Grading the States 2006: Hawaii - Narrative
Hawaii's mental health system consistently came in dead last in previous NAMI ratings (1986, 1988, and 1990). There appeared to be few causes for hope. Everything about the situation was dire - an abysmal state hospital with disgraceful conditions, poor outpatient care, poor vocational supports, and poor housing. In the ensuing 16 years, through hard work and federal pressure, Hawaii is potentially poised to be applauded as most improved of any state in this report.
The Department of Justice (DOJ) entered the state in 1991 to address egregious civil rights violations of patients at the Hawaii State Hospital and has since been actively monitoring the quality of care. As a result, the Hawaii State Hospital has made a number of improvements and was released from federal monitoring in December 2004. In lifting the 13 years of oversight, U.S. District Judge David Ezra called the improvements at Hawaii State Hospital "astonishing."
To ensure a continuum of services for Hawaiians with serious mental illnesses, however, the federal court has retained oversight of the state's community system of care. Hawaii's Adult Mental Health Division (AMHD) has just months until the June 30, 2006, deadline to fully implement a 2002 court-ordered community mental health plan. Clearly, this is a critical time for Hawaii's mental health system.
Although the deadline is fast approaching, the AMHD has been working for years to develop a community system under the leadership of Thomas Hester, M.D., a veteran community psychiatrist. While the speed of this process has been criticized, most notably by U.S. Magistrate Kevin Chang, change does take time. The community system is being built upon a foundation of solid plans to ensure that it is sustainable long after the court oversight leaves Hawaii's shores.
The result is currently a community mental health system that is far from perfect, but that clearly has made progress. In 2003, AMHD established a Center for Evidence-Based Practice in partnership with the University of Hawaii to advance the adoption of such important services as Assertive Community Treatment (ACT), integrated treatment for co-occurring disorders, supported employment, and illness management programs. Supported housing exists across the islands, and the state is supporting several jail diversion programs as well. Although some of these programs are still getting off the ground, the state is working hard to advance these key community system components.
The availability of effective services is critical, but for a state like Hawaii with a majority-minority population, those services must meet the needs of the state's population. In response, AMHD has developed a three-year multicultural strategic plan to ensure that culturally competent services are infused throughout the developing community system.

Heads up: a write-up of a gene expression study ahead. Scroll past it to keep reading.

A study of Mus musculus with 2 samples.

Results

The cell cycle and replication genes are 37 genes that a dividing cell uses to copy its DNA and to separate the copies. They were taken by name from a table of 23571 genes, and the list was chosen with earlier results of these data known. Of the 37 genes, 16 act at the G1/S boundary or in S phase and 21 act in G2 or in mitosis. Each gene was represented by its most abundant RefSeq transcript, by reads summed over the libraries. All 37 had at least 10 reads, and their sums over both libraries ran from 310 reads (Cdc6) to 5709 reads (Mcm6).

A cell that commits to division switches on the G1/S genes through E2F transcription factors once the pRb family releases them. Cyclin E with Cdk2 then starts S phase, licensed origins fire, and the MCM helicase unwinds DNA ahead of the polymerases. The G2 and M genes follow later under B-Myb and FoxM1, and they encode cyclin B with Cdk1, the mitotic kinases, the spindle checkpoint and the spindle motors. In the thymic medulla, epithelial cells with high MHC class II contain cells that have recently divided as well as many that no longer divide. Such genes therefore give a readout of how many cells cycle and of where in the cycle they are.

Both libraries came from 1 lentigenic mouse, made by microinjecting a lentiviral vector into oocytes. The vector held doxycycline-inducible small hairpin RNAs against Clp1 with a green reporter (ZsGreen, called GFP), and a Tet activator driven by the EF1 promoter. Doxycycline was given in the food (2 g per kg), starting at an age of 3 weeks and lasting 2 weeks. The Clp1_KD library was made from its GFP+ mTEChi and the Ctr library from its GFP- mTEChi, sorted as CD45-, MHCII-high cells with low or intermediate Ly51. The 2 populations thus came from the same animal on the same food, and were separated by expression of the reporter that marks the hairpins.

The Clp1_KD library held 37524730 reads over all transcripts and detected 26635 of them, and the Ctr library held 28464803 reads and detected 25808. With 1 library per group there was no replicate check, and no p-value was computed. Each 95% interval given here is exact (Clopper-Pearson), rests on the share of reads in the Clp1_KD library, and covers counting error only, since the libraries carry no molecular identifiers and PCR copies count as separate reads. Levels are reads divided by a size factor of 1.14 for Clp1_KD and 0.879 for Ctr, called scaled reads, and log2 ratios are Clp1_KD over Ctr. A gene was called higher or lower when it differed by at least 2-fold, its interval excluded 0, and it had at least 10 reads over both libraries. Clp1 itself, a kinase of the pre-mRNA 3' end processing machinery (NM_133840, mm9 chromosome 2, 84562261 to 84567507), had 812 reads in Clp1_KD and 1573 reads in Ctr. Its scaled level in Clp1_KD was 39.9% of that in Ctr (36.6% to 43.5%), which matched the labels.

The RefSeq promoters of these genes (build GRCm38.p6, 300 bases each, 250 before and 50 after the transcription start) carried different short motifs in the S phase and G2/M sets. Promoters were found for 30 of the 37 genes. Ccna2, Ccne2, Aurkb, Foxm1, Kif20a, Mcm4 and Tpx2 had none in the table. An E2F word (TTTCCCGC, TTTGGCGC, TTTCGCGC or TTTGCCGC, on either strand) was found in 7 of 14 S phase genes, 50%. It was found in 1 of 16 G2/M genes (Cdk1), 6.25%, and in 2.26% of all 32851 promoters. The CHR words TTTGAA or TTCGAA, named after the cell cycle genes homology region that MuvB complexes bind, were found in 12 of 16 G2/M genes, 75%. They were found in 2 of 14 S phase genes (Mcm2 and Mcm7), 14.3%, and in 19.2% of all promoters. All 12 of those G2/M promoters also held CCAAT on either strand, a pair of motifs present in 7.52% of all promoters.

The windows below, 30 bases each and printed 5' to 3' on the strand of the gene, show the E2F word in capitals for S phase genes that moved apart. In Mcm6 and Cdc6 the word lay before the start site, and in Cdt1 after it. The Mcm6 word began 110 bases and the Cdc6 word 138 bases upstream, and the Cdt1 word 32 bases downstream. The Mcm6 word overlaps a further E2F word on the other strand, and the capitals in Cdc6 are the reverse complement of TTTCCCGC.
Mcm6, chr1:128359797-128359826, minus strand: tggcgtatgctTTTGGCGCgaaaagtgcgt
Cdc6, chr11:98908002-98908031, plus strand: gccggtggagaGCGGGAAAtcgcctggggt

Additionally, Governor Linda Lingle's discussion of her mother's mental illness has helped debunk stigma in the state during this important transition time for the mental health system. In 2003, during legislative debate around insurance parity, Governor Lingle testified in favor of the legislation and spoke of her family experience. As Governor Lingle so aptly stated, "It just doesn't make any sense why we would have to come and even testify on something like this. It's a sickness. It's an illness. You don't come and testify for diabetes or high blood pressure." Governor Lingle's bravery and leadership on parity helped move the legislation into law and brought mental illness into the open for Hawaiians.
Even though Hawaii's system is on the right leadership track, change also takes money. The Hawaii legislature has supported the mental health system over the past few years, with an increase in funds from fiscal year 2003 to 2005 of almost $35 million. Now is the time for the state to demonstrate its commitment to the mental health system in this final stretch before the June 30, 2006, deadline.
In early 2006, AMHD requested an emergency appropriation from the legislature of approximately $10 million, a request still in debate at the time this report went to press. The additional funds are needed in the short term to help the system comply with the court deadline, and are also necessary for the long term. The funds will also be used to meet the growing need for services as increasing numbers of individuals access the developing community system.
But, even with an influx of additional funds, there is still much work to be done in Hawaii's system, as noted by Mr. Chang's July 2005 report. A recent spate of 16 deaths, including six by suicide, among individuals receiving state mental health services was cited as one major concern. In his report, Mr. Chang said that the deaths reflected system dysfunction and a lack of judgment in the AMHD's response. And, despite the turnaround at Hawaii State Hospital, the challenge now is overcapacity, due to an increasing forensic population and a community system that does not yet possess the resources to provide appropriate services for individuals discharged from inpatient care. As a result, the state has contracted with another mental health provider (Kahi Mohala) for an additional 40 beds, at an annual cost of $10 million.
Clearly, Hawaii has not yet fully arrived. With the help of the federal court, the leadership of the state system, and the involvement of consumers and family members in the state, however, Hawaii's mental health system has a chance to address these problems and continue the tremendous progress made by the state since 1991.